Pep Guardiola made an exciting Bayern Munich team boring to watch and was lucky he had the players at his disposal to implement his famed possession philosophy at Barcelona, according to Peter Schmeichel.
Manchester City boss Guardiola enjoyed a trophy-laden four-year spell in charge at Camp Nou, winning three LaLiga titles as well as the Copa del Rey and Champions League twice apiece.
The Catalan then continued his success in the Bundesliga with Bayern, winning the league three seasons running between 2014 and 2016, while also lifting the DFB-Pokal twice.
However, Guardiola took over a team that had won a Bundesliga, Pokal and Champions League treble under Jupp Heynckes, and Schmeichel feels Bayern’s direct style under the German was more exciting than Guardiola’s methods.
“He was okay at Bayern Munich. I have to say he was okay,” he told Omnisport. “For me, personally, he changed a really good, entertaining team to be become more boring to watch.
“Whereas Bayern before were very direct, they won the treble, had quick players and were exciting to watch, he [Guardiola] made them play more square. He changed the players, but you can’t argue with his results.”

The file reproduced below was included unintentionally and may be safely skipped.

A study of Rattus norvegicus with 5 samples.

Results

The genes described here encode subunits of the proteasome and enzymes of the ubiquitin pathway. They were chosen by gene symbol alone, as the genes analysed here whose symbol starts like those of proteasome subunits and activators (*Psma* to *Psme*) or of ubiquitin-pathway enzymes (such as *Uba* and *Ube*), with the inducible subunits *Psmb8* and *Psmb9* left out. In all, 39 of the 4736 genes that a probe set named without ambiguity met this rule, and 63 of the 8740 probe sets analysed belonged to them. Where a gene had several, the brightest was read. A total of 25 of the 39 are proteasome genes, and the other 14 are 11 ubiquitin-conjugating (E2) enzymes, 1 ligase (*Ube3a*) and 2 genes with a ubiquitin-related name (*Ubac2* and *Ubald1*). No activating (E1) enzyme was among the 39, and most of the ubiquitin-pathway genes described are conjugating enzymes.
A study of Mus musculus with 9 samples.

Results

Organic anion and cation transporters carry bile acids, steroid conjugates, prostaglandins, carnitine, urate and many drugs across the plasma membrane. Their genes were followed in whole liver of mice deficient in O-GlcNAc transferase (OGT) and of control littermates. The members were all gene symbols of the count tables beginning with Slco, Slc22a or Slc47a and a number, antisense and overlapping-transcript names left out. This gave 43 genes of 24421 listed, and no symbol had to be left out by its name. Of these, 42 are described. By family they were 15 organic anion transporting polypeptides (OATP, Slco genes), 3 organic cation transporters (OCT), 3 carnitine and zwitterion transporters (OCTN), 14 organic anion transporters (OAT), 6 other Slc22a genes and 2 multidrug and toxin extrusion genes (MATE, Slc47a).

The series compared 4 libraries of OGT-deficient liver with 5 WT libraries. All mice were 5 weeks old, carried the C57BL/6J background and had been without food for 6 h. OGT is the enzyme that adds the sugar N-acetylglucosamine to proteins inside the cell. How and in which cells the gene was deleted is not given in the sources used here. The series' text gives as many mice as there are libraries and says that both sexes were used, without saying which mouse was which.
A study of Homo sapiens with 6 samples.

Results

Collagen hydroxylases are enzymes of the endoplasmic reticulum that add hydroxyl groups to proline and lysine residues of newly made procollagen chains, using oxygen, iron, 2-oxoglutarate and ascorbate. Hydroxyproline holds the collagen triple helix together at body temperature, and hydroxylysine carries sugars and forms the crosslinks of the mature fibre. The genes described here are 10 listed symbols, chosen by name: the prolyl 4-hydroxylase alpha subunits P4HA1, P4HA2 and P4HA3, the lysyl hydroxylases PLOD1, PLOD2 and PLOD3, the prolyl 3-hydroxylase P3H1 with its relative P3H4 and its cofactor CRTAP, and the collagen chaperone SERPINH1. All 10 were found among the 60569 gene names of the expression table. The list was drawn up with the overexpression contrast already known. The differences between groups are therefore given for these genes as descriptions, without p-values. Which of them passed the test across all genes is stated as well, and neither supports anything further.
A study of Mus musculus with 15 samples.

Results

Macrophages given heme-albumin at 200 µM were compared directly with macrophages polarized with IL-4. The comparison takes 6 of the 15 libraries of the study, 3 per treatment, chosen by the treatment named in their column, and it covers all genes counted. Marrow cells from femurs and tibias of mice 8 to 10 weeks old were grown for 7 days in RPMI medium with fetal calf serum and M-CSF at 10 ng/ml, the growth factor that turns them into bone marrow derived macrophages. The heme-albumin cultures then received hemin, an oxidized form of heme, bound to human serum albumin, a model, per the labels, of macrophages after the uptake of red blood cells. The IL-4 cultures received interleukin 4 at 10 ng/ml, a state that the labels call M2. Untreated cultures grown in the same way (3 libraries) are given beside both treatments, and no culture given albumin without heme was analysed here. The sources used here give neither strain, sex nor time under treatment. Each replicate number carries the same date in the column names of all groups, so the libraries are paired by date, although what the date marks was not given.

United still bigger – Schmeichel
Manchester United legend Peter Schmeichel believes City rivals have ‘no chance’ in catching United’s popularity on the world stage, although he concedes Pep Guardiola’s men have the upper hand currently.
Schmeichel, who made 398 appearances for Manchester United, also believes that Guardiola’s success at Barcelona was in part down to luck given the talent he had at his disposal such as Lionel Messi, Xavi and Andres Iniesta.
And the former Denmark goalkeeper claims that it will be more difficult to achieve success at City – who travel to face United at Old Trafford this weekend – using similar tactics given the demanding nature of the Premier League.
“With Pep, he comes in with an incredible reputation. What he did with Barcelona was fantastic, his work was fantastic, but he was also very lucky he had the players to bring in the philosophy that he has in football,” he added.
“So whereas [former United manager] Alex Ferguson’s first priority was ‘we have to be able to score goals’ – for most coaches that’s the priority – with Pep it’s possession, I want to have as much possession as possible.